Article: Policies and government grants for SMEs in SEA


Policies and government grants for SMEs in SEA

Let’s take a closer look at the policies and the government grants that have helped the SMEs in ASEAN countries, but specifically in Malaysia, Indonesia, and Singapore.
Policies and government grants for SMEs in SEA

The common misconception about startups is that they are alone in starting out a venture. The reality, however, is a little different. The government helps Small and Medium-sized Enterprises (SMEs) navigate through the challenges of garnering capital and bearing the costs of running a successful business in a globally competitive market. Policies and grants become a medium for the governments to show their support to SMEs.

The SMEs in the ASEAN region are recognized for their role in the growing economy, which is why they are highly valued. According to a study conducted by US-ASEAN Business Alliance for Competitive Small and Medium Sized Enterprises, more than 96 percent of the businesses in the region are SMEs. The policies made for SMEs development and modernization play a massive role in realizing the full economic potential of the region.

Policies for small businesses and grants

Singapore, Malaysia, and Indonesia have set collaboration between small business organizations and the government through active policy-making agencies.

  • Singapore: In Singapore, the Standards, Productivity, and Innovation Board of Singapore (SPRING) lives by its mission of "Enabling Enterprise." Working under the Ministry of Trade and industry, they provide SMEs with quality assurance infrastructure while promoting compliance and internationally recognized standards.
  • Indonesia: The president of Indonesia provides the Ministry of Cooperatives and SMEs the mandate to craft and coordinate policies to drive productivity, competitiveness, and independence towards a better business environment.
  • Malaysia: Malaysia's SME Corp, is the agency that centrally coordinates and formulates overall policies and strategies of SMEs along with the implementation.

Government grants are monetary assistance which is different from loans. It is risky to invest in startups, which is why sometimes there is no surety of returns with them, and with grants, there is no expectation of returning it back. But grants do have there pros and cons.  Grants are generally granted after the process of reviewing a proposal, demands, research, and planning. And the southeast Asian region has diverse prospects for their SMEs who require funding.

Grants for SMEs


The government of Singapore understands the value of SMEs, and they play a vital role in the growth of GDP of the country, which is why the government supports the organizations by providing them with these grants:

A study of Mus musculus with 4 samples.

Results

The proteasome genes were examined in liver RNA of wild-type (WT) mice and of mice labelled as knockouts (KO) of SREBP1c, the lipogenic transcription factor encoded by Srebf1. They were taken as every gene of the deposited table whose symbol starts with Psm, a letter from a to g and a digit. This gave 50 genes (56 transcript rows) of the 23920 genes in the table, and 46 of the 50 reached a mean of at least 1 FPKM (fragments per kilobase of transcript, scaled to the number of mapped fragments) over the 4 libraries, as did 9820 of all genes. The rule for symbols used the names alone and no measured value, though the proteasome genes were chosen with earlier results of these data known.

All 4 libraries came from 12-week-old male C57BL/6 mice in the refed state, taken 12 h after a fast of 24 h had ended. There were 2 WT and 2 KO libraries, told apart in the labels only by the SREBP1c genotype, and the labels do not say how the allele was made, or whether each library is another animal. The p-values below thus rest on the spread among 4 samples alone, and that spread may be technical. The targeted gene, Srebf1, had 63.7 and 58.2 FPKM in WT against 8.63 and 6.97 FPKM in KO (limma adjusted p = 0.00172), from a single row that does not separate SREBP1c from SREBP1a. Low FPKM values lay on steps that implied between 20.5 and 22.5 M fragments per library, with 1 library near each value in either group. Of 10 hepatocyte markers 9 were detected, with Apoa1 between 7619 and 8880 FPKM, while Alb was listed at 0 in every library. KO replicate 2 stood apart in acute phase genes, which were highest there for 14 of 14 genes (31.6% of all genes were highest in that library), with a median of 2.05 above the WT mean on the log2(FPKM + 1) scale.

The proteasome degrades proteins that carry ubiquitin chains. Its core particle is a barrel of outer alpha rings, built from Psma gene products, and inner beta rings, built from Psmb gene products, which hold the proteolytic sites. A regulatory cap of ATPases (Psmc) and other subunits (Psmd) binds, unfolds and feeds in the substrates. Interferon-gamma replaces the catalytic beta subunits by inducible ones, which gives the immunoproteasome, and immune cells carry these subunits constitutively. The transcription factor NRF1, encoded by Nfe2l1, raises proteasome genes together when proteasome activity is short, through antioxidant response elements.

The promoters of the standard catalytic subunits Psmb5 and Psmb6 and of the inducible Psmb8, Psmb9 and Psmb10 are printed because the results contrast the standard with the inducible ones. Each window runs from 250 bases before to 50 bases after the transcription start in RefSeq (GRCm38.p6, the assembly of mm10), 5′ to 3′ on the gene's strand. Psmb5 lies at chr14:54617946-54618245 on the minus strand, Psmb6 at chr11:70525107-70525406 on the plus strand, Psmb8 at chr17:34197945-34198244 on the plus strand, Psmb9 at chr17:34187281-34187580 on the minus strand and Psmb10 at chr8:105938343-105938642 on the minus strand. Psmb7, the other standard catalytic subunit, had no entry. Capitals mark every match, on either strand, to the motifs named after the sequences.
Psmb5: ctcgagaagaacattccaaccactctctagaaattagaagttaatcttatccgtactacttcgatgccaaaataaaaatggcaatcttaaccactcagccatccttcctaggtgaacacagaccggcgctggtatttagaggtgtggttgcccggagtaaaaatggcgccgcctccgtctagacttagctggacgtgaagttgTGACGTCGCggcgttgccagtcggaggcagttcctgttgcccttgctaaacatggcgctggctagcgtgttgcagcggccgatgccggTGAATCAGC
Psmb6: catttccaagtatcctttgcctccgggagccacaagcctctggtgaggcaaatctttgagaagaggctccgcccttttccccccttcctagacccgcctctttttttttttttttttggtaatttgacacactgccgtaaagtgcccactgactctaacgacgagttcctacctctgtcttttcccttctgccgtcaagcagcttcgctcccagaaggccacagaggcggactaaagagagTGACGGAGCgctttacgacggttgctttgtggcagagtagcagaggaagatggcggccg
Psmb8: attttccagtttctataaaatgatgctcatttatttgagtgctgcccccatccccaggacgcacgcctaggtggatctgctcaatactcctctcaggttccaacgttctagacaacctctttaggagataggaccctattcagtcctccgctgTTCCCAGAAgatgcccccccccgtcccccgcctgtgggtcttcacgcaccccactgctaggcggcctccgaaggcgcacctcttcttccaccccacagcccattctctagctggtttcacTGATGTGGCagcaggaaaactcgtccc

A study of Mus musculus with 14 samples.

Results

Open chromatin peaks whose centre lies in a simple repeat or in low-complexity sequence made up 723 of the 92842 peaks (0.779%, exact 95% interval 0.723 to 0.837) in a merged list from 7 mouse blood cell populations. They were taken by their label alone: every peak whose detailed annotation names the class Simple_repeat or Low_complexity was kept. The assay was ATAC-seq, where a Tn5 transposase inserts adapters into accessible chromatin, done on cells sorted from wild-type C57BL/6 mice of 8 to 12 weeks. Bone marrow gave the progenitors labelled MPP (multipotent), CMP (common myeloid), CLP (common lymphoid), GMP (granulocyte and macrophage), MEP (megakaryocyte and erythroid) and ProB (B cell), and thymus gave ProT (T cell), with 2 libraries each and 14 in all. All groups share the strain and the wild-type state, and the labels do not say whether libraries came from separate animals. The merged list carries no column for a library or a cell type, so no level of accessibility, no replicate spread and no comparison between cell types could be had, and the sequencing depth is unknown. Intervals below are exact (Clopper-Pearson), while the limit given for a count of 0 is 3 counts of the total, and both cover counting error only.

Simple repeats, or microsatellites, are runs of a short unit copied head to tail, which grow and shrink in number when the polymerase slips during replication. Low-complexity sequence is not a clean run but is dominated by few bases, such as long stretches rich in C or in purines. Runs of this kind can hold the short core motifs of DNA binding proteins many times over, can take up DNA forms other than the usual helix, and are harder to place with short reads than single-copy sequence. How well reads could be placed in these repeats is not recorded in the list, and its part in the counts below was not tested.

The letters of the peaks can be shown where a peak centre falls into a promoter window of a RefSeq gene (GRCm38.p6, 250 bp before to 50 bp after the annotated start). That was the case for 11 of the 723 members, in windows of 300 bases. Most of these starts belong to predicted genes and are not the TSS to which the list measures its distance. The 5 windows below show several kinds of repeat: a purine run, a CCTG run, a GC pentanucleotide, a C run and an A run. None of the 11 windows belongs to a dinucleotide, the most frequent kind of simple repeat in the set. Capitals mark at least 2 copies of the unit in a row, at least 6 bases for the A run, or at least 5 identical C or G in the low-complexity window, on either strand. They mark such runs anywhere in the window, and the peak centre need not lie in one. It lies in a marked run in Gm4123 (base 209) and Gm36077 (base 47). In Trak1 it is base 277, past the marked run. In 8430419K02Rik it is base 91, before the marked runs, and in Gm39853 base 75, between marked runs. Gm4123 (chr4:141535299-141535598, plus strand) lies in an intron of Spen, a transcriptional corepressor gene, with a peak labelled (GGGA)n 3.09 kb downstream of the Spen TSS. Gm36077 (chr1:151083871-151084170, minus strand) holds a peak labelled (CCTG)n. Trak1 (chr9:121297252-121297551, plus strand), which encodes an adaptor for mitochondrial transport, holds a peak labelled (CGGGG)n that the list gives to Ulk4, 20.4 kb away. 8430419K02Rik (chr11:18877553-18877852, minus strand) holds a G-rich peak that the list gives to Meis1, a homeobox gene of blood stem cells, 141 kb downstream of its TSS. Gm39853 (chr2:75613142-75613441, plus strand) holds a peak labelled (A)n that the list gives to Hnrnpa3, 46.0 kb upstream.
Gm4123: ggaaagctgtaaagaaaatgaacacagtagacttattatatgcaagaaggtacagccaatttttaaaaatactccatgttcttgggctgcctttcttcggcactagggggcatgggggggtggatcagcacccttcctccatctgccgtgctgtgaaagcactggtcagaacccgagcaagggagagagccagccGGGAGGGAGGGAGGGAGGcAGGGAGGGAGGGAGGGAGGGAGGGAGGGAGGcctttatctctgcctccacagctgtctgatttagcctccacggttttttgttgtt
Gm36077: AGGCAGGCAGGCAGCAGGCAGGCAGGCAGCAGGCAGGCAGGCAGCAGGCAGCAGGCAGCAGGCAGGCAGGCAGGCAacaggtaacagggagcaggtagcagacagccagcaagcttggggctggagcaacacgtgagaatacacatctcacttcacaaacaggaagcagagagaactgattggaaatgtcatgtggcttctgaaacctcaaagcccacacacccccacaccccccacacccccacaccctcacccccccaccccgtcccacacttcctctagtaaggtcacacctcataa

• The International Expansion Grant (Market Readiness Assistance Grant) aims to accelerate the expansion of homegrown SMEs at an international level.
  • ACE Startups helps  SPRING to match SGD7 to every SGD3 raised by an entrepreneur, up to SGD50,000. It also matches each SME with a mentor who supports the startup for the first year.
  • Capability Development Grant helps SMEs build capabilities across 10 key business areas. Be it adopting technology or overseas expansion. Recently it has simplified its application process, now the grant financially supports the organization up to SGD30,000.
  • IE Singapore’s Global Company Partnership (GCP) Grant benefits SMEs that aim for global competitiveness.


Even with excellent performance, he SMEs's impact on Malaysia has been average as compared to other countries in the ASEAN region, which is why the Malaysian government came up with these grants to support the development of the SMEs:

  • The Business Start-Up Fund (BSF) is a grant sponsored by the Malaysian Technology Development Corporation (MTDC). It reaches out to tech entrepreneurs and new startup companies.
  • The Young Entrepreneur Fund from SME Bank funds the young entrepreneurs from the age gap of 18 to 30 years, who are engaged in business activities catering to their generation.
  • TEKUN Financing funds the SME owners who aim to expand.
  • Agro Bank’s Perusahaan Kecil dan Sederhana backup the local agricultural entrepreneurs financially.
  • The Malaysian Industrial Development Berhad (MIDF) through the Soft Loan Schemes for Service Sector aids supports the expansion, upgrade, modernization, and diversification of already existing service providers into higher value-added activities.
  • MIDF’s Soft Loan for SMEs helps SMEs with projects, fixed assets, and working capital financing. Further, they help them become more efficient and productive by the adoption of information and communications technology in business management and operations.


Indonesian economy relies heavily on the SMEs for long-term sustainable economic growth. The government aims to improve the productivity of the SMEs and narrow the gap between them and large enterprises with the help of these two grants:

  • The Ministry of Cooperative and SME Startup Incubator Program concentrates on supporting local entrepreneurs through ample business opportunities.
  • Credit for Businesses (Kredit Usaha Rakyat) grants credit, working capital, and/or investment financing schemes dedicated explicitly to micro, small, and medium enterprises, and cooperatives.

The governments in the ASEAN countries understand the value of SMEs and startups and their potential role in long-term economic sustainability. Which is why they help out these organizations in the best way possible to succeed.